Criminal IT Executive Undone by Microsoft Word Metadata
Microsoft Word metadata has led to the undoing of an IT executive who swindled his employer out of US$6 million.
Hicham Kabbaj, of Floral Park, Long Island, New York, set up a fake business named Interactive Systems and made phony purchases over four years - May 2015 to August 2019 - from his "unnamed employer", described in court documents as a "global internet company" based in Manhattan (a Linkedin search shows one Hicham Kabbaj of the "Greater New York City Area" working as the "SVP Tech Ops & Engineering at Rakuten Marketing").
Over this four year period, Interactive Systems sent 52 invoices claiming it had performed services and purchased firewalls and servers for the unnamed employer. Kabbaj both received and approved the invoices.
In reality, Interactive Systems did none of what was stated in the invoices. Instead, Kabbaj transferred the money paid to Interactive Systems to his personal bank accounts.
The goings on came to the attention of the United States Attorney's Office (USAO) and one of its special agents, Scott McNeil, spoke with more than one of Habbaj's workmates who had never heard of Interactive Systems and said the purchases made by Interactive Systems didn't make sense.
According to an affadavit from McNeil (obtained by The Register), all the Interactive Systems invoices were addressed to Kabbaj, and, most damning of all was the metadata of four invoices.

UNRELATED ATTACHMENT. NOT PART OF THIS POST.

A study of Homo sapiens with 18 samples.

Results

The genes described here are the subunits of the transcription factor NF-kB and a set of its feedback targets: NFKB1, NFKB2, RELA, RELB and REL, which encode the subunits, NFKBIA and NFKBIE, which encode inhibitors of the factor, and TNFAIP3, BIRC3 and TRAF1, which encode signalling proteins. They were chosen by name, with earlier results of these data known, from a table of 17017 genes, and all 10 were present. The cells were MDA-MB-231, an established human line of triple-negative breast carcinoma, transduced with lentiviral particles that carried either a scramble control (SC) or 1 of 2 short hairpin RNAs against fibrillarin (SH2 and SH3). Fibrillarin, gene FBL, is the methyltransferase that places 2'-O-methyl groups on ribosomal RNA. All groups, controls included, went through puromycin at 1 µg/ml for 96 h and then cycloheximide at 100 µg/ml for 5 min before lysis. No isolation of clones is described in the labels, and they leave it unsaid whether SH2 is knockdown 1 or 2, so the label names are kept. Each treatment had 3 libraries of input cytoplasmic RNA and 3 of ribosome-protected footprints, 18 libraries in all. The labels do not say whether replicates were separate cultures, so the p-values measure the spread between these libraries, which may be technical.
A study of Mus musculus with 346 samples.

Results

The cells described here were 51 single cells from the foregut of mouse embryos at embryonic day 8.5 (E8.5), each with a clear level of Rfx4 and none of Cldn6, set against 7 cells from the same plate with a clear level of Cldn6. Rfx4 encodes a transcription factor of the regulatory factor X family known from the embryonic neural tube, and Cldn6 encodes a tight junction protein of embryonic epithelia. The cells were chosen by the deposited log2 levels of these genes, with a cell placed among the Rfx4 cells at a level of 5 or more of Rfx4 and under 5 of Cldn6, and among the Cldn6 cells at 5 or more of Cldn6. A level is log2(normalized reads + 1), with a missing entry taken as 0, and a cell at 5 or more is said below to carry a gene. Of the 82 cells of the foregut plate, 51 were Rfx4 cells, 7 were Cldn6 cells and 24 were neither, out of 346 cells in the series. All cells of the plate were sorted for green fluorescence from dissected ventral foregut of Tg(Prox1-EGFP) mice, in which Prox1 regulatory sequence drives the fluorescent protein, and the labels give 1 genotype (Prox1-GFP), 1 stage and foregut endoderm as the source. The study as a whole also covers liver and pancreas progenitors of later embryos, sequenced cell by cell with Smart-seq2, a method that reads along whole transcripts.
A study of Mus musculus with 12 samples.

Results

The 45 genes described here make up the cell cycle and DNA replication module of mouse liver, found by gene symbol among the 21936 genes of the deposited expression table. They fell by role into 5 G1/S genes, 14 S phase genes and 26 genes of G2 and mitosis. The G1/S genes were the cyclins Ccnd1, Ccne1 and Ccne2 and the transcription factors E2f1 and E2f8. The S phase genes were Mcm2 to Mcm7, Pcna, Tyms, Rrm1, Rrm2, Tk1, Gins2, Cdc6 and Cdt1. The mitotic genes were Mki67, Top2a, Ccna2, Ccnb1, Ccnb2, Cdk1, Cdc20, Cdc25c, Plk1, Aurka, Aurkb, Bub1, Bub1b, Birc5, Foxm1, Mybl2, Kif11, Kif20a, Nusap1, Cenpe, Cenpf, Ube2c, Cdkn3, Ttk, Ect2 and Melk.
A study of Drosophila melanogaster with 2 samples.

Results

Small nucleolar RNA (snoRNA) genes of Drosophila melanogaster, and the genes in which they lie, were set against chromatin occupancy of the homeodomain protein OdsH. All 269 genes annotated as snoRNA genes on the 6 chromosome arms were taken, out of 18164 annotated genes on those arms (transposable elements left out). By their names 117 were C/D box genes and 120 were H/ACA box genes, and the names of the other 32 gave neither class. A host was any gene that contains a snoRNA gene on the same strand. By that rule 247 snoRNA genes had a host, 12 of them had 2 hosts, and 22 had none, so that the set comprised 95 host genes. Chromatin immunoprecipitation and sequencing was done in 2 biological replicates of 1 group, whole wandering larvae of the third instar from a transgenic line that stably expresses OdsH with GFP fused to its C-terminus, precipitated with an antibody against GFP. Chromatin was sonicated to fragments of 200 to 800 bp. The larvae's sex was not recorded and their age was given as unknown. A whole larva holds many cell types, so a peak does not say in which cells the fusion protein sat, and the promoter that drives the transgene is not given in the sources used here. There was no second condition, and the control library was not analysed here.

"Four of these invoices were submitted in Word document format, and the metadata for these four invoices identified Kabbaj as the author," said McNeil in his affadavit.
Furthermore, McNeil's affadavit stated that the Interactive Systems PO Box is registered to Hicham Kabbaj ... the same address where the banks handling Kabbaj's account sent his statements.
Kabbaj has pled guilty to one count of Wire Fraud. He has forfeited his homes in Hewitt, New Jersey, and Palm Beach Gardens, Florida, (both properties "traceable to the offense"), and will pay restitution of $6,051,453.
Kabbaj is yet to be sentenced and his crime carries a maximum 20-year sentence.
. . .
If you want to stay notified of vulnerabilities that affect you, register for a weekly security report customised to your stack.